ACC coaches favor playoff with emphasis on conference champions

Florida State head coach Jimbo Fisher. File/The State

CLEMSON - Atlantic Coast Conference coaches are weighing in on the playoff format they would like to see in college football this week at the ACC meetings in Amelia Island, Fla., a preference likely influenced by last year’s national title game when two teams from the Southeastern Conference played for college football’s top prize.

ACC coaches approached for their opinions favored a new postseason format that includes conference champion status as a part of the criteria for entrance into a playoff field.

College football decision makers have indicated they will likely adopt a four-team playoff when the current BCS agreement expires after the 2013 season.

“There has to be some stipulation in there about champions,” Florida State coach Jimbo Fisher told reporters. “Because not everybody plays the same schedule. We play a nine-game conference schedule. Other teams don’t. That’s weighed in. Some conferences have a conference championship game. Others don’t. Being a conference champion is no small task. Not only are you going through your conference, then you turn around and play a conference championship game. There has to be a lot of weight given to conference champions.”

Last season Alabama did notwin its own division yet played LSU for the national title and won. That scenario seems to have accelerated a push for a playoff in college football as other power conferences try to increase their chances of having a representative play on the biggest stage, a stage that has been increasingly controlled by the SEC.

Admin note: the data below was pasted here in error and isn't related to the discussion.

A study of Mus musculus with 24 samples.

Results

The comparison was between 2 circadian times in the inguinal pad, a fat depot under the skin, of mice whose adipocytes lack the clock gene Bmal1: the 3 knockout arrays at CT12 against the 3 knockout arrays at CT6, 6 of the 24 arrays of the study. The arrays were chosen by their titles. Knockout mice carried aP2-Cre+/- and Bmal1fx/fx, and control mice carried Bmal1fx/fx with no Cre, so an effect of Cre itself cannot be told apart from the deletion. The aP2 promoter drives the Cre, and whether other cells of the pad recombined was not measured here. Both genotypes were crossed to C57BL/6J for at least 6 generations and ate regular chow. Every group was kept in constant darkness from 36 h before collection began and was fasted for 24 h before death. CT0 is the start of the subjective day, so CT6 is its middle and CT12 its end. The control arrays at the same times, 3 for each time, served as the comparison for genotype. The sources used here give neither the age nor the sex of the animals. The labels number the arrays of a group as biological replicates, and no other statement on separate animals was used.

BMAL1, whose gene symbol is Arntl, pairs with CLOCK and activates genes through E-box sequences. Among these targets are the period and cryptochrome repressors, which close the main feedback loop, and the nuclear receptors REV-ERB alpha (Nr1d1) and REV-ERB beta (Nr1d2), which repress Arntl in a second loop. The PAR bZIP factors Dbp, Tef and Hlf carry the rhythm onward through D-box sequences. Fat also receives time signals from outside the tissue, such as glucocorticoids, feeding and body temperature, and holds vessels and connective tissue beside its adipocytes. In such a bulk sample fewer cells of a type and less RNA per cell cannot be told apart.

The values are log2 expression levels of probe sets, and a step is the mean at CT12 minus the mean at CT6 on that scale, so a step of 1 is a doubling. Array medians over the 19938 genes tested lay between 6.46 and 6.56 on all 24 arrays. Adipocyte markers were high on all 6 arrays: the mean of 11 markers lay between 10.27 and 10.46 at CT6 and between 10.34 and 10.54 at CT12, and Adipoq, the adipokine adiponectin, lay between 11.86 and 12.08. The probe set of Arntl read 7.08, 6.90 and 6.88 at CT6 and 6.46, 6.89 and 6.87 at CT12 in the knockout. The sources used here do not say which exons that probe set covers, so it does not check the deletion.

Boston College coach Frank Spaziani shared the same position as Fisher.

“I do know the conference champion does need to be involved,” Spaziani told ESPN. “A conference champion, certainly, in order to keep the season and the championship games relevant has to be involved in whatever the BCS comes up with.”

Big Ten commissioner Jim Delany has made a proposal that include only conference champions.

Under his plan only the top four rated conference champions - presumably using a formula similar to the BCS points - would earn playoff berths unless they failed to reside in the top six of the points standings then the highest-rated non-conference champion would earn the berth.